The cinematic sensibility with which Khalik Allah announced himself to the world in 2015’s Field Niggas finds brilliant refinement in Black Mother. The former film’s hyper-specific focus on a single Manhattan intersection expands to an entire island nation, carrying the same feeling of personal closeness to its characters while also surveying all of Jamaica (apparently) in less than 80 minutes.
The island is where Allah’s mother is from, where his grandfather still lives (and is dying). The homegoing spurs not just a reconnection with the filmmaker’s roots but a freewheeling exploration of the society. Allah allows the citizens to tell them what life is like for themselves. As in Field Niggas, there is purposeful disunity between sound and image, with interview audio playing over separate though thematically related visuals. A repeated motif is water — brilliant flowing streams of it, or flames dancing over the surface of a pond with gas bubbling up. Multiple subjects praise their island’s bountiful water. They speak of its crops in life-giving terms.
But the chorus does not allow the illusion of a paradise. Other voices speak to the island’s troubled political history, how it has for hundreds of years been oppressed by the whims of the West. Spiritual matters infuse many of the interviews as well — some of them asserting the strength of their faith, others bemoaning the power organized religion holds over the populace. These and other issues — racism and colorism, economics, education, culture, women, work — dance with one another throughout. Allah favors a kinetic, side-scrolling view in many shots, and the flexibility of the subject matter dovetails with this philosophy.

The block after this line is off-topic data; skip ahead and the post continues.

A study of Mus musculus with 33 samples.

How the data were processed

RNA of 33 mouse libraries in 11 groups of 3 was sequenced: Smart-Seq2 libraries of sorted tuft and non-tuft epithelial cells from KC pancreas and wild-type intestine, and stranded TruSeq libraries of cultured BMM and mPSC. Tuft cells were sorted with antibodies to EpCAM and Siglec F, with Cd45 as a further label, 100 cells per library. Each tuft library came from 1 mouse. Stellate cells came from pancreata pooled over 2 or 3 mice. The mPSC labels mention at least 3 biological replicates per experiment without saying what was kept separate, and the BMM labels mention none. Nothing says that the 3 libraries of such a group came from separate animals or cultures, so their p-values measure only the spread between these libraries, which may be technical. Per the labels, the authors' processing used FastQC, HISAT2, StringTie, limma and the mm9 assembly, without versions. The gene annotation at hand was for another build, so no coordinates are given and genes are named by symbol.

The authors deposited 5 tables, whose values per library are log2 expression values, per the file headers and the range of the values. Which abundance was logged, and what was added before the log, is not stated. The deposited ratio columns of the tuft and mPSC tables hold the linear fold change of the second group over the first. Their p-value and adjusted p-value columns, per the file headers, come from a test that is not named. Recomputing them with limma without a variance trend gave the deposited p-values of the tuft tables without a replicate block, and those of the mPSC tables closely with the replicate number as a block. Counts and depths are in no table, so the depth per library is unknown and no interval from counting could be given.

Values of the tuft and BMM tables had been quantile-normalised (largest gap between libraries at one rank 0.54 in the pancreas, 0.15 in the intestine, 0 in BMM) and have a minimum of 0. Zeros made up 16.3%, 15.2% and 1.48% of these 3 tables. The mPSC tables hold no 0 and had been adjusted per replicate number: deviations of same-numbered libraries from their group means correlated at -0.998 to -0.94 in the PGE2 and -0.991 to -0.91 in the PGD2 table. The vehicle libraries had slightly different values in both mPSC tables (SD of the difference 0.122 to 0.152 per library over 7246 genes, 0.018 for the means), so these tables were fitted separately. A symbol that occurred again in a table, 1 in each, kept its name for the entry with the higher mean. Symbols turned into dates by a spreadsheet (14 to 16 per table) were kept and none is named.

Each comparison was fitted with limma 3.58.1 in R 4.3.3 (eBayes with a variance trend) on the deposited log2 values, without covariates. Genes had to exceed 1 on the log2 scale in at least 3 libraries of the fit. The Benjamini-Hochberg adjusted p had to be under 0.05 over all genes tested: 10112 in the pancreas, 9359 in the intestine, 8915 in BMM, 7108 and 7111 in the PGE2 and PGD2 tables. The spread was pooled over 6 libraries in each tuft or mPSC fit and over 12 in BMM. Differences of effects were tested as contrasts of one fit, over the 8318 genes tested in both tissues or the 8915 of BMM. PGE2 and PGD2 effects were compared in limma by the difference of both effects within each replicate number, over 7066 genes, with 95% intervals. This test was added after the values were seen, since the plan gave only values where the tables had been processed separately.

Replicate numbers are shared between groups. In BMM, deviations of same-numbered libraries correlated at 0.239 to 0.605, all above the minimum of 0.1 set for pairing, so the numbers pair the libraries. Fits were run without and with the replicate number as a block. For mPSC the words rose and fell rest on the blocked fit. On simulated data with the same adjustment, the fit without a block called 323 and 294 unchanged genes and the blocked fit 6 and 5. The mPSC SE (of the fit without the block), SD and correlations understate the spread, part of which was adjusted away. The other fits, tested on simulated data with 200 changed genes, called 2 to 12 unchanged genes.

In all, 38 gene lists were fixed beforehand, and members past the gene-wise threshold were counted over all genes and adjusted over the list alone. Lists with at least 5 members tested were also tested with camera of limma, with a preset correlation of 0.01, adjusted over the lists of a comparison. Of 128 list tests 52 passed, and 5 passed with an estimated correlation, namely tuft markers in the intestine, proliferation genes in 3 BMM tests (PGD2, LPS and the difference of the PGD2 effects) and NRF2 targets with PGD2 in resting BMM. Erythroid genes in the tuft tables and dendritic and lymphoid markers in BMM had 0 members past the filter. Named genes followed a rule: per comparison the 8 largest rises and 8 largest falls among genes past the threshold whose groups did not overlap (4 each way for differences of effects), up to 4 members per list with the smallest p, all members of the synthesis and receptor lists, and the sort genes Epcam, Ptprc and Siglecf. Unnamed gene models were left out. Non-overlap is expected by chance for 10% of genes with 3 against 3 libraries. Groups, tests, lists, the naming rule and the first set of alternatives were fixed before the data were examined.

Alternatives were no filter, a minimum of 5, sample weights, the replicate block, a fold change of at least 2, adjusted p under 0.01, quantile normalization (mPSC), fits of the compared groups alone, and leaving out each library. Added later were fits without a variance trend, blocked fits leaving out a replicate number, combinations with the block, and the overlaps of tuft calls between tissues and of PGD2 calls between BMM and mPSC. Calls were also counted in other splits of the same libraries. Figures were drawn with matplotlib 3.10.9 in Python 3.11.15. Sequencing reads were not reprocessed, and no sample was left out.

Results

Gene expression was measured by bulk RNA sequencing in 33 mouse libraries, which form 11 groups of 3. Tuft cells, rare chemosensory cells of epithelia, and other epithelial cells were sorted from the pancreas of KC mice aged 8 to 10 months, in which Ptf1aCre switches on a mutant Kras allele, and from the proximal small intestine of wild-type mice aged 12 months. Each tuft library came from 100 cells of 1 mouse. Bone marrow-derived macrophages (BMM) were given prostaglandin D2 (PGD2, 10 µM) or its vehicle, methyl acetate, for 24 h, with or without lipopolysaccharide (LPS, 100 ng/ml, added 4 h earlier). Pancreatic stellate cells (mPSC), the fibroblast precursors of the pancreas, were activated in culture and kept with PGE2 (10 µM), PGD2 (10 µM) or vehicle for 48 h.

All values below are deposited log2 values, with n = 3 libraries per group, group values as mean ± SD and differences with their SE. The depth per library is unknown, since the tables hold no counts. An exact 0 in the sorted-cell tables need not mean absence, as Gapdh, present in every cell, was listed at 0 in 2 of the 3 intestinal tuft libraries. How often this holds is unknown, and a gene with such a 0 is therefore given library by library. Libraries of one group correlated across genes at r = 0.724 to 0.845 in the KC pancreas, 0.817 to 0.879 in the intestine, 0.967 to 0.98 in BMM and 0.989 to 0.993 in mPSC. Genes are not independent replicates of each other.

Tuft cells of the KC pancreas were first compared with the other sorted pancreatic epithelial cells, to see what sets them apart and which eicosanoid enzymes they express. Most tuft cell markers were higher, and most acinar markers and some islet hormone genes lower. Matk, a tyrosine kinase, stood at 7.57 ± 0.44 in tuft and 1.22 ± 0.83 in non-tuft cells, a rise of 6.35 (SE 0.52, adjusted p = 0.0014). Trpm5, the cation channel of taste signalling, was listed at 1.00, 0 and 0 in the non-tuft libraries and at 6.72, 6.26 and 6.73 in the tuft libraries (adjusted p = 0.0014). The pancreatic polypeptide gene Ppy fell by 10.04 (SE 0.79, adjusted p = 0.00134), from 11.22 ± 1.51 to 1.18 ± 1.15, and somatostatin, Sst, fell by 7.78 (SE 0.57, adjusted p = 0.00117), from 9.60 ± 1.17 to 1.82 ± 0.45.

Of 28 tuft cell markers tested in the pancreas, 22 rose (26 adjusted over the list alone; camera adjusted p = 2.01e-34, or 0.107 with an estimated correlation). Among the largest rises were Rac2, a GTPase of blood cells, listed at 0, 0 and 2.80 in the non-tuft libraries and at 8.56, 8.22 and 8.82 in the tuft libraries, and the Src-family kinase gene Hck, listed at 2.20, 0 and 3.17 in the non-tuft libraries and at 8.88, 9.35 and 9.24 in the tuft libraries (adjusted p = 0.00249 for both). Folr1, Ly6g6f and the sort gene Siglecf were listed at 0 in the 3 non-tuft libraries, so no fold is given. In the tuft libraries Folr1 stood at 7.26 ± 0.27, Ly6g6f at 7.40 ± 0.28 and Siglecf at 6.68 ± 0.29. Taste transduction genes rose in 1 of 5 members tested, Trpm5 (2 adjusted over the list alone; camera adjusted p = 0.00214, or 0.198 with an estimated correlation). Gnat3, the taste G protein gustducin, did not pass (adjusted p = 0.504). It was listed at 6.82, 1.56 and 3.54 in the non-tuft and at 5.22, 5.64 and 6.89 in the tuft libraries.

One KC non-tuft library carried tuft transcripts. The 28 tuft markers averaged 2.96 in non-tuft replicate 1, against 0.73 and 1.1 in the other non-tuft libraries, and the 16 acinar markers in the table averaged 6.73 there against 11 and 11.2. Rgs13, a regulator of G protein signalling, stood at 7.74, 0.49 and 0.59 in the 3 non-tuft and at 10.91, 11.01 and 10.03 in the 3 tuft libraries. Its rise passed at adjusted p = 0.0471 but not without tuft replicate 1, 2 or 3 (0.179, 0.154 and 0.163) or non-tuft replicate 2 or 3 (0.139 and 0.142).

The movie is structured around three “trimesters” (a conceit that’s sometimes shaky in terms of just what ideas come with each stage). Allah tracks the pregnancy of one woman as he builds his wider picture of the society into which her baby will be born. The titular mother is not necessarily the literal one. The documentary can be seen to function as a greeting to the child, a letter to be unfurled upon its arrival. “Welcome to the world. This is what every thing around you is. These are the people who comprise your family, your neighborhood, your culture. This is who you are.”
Allah shoots in multiple formats — digital, film, even videotape, and he also incorporates historical footage. Both figuratively and literally, the doc presents multiple ways of seeing. No place is one thing, and the mosaic Black Mother unveils of Jamaica is dizzying in its complexity but still feels like ground you’ve tread by its end. If there’s a unifying voice, it’s that of Allah’s grandfather, whom the doc returns to multiple times. His words of faith act as a benediction for the human journey and a reminder of that which outlasts brief lives. Even if you do not believe in the soul, the film makes it impossible to deny the soul of a country, that which births us, grooms us, and to which we add as we live and die inside it.
Dan Schindel is a Maryland-born, currently Los Angeles-based film critic and freelance editor. Follow him on Twitter @DanSchindel.